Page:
Rodón keeps odd pitch-count streak going in win vs. Pirates originally appeared on NBC Sports Bayarea
When it comes to pitch counts, there have been wild swings for some of the Giants in recent weeks. Alex Wood and Logan Webb have talked about getting longer leashes, and Webb did earlier this week at home, throwing a career-high 112 pitches in a win over the Kansas City Royals. That came two starts after Webb was pulled after just 87 and expressed some displeasure about it.
There have been no swings for the staff’s other ace, though. Right now, Carlos Rodón’s pitch count might be the most predictable thing in Major League Baseball. It’s also one of the stranger stats.
Rodón threw 98 pitches in Friday’s 2-0 win over the Pittsburgh Pirates at PNC Park, which gave him exactly 98 pitches for a fourth consecutive start. The difference this time was that he was efficient with his 98.
Rodón completed eight innings, his most as a Giant. He had not even been through seven full innings since April 15, but he needed just 58 pitches to record the first 14 outs. Rodón had a no-hitter to that point, and the fifth ended up being a 26-pitch frame after a base hit and walk. He bounced back by getting through the next two innings on 18 pitches, and then cruised through the eighth, as well.
“Probably the most important thing was some contact and balls in play. That’s important for him,” manager Gabe Kapler said. “As crazy as it sounds, if he’s striking everybody out but running really deep counts and a ton of foul balls, it’s going to be more difficult for him to get through eight innings.”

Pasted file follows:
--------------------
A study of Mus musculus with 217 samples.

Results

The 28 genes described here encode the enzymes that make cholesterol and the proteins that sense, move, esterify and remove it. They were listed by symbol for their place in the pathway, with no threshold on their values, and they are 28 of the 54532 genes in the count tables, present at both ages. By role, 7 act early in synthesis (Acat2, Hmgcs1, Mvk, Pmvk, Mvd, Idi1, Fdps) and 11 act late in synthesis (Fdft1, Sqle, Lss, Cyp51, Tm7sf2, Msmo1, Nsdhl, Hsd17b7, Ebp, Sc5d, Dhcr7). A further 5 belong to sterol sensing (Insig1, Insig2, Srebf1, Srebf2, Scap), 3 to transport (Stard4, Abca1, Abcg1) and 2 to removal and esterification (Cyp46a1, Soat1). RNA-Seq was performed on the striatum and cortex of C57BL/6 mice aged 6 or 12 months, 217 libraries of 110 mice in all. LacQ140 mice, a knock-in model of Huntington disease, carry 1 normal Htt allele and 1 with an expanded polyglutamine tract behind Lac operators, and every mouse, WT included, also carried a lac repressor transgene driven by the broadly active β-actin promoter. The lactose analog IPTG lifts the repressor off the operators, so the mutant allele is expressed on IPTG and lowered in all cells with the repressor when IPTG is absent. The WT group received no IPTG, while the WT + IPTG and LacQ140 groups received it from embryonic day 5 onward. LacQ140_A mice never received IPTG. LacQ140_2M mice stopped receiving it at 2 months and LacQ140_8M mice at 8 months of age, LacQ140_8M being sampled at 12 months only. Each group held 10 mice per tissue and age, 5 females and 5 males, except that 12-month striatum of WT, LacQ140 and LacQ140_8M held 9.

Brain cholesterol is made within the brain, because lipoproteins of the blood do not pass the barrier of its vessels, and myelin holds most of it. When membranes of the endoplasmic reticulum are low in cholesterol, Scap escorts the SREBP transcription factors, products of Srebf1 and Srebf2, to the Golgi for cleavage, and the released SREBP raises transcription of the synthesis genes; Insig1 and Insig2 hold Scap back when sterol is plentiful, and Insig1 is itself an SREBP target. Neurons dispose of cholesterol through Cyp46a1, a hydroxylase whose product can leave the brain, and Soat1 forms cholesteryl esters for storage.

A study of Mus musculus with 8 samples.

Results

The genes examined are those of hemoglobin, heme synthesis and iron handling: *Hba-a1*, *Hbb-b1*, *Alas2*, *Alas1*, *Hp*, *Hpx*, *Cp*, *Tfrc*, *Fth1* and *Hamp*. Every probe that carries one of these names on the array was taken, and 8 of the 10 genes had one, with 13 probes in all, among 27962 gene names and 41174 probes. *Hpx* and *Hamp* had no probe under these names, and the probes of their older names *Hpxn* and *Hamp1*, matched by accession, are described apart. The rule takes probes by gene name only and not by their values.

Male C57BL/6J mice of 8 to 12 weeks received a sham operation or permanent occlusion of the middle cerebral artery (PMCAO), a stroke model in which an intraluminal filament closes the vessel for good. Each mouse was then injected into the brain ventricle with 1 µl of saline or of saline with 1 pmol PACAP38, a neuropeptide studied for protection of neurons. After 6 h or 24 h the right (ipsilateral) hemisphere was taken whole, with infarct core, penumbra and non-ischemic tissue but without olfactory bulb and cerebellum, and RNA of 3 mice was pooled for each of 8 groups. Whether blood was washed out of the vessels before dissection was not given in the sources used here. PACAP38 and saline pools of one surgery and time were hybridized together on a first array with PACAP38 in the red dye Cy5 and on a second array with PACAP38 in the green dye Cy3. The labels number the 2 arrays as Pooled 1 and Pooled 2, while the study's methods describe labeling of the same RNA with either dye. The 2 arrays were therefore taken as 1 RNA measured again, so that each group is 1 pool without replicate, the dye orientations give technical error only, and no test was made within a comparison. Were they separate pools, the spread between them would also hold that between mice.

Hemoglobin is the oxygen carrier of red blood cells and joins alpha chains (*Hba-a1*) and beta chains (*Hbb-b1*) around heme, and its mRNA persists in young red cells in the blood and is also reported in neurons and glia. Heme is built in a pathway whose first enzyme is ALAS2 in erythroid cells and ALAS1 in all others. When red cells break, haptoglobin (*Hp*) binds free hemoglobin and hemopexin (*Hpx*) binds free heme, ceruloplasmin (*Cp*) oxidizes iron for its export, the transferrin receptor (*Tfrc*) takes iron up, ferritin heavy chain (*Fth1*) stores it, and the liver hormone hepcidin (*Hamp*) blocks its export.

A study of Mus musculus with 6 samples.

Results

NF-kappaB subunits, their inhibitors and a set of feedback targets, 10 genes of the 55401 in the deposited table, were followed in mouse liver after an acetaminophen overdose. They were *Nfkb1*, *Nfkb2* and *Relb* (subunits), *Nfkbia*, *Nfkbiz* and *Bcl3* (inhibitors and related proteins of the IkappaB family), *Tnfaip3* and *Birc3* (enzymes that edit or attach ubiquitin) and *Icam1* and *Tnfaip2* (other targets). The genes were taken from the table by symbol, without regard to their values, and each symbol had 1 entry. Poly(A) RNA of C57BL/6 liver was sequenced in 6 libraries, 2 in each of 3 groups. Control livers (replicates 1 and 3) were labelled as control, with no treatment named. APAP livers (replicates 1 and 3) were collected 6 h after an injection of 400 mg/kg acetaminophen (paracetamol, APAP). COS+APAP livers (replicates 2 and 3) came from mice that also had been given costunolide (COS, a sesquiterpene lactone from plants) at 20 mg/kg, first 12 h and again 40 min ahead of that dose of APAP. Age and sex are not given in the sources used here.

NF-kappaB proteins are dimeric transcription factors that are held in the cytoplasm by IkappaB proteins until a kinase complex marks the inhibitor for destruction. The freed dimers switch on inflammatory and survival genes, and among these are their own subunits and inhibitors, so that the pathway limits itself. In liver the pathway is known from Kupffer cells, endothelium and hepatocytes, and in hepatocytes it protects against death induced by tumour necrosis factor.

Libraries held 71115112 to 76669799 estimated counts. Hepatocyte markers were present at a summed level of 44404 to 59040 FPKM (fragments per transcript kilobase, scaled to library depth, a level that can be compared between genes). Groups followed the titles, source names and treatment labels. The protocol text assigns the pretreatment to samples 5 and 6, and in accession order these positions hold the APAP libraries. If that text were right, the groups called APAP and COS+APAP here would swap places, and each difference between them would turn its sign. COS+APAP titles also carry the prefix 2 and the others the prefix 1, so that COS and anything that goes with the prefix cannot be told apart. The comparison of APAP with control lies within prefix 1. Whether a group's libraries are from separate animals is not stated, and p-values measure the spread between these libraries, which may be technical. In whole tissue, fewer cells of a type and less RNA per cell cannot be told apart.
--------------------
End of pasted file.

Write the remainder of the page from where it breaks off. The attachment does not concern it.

Rodón still struck a lot of Pirates out – eight of them, to be exact – but they only fouled off 18 pitches, a far cry from the 33 foul balls the Colorado Rockies hit off Rodón two starts ago. He lasted just four innings that night, and that start came on the heels of a 98-pitch, five-inning performance, and one in which Rodón was pulled after 99 pitches and 5 1/3 innings. Last weekend, he went six innings on 98 pitches against the Dodgers.
On Friday, Rodón mixed in his slider nearly as much as his fastball, getting 13 swinging strikes. He also got seven outs on the ground, which kept the innings humming along. Thairo Estrada made a spectacular play behind him early and Luis Gonzalez had a nifty sliding catch later in the game.
“Hats off to our defense,” Rodón said. “They got me through the eight innings today, caught every ball, made every play and scored the runs we needed.”
“I figured we would go to Doval,” Rodón said. “That was a good move. It’s a long season. Obviously I would like to go back out, but I thought we made the right decision. Kapler made the right decision to go to a fresh arm.”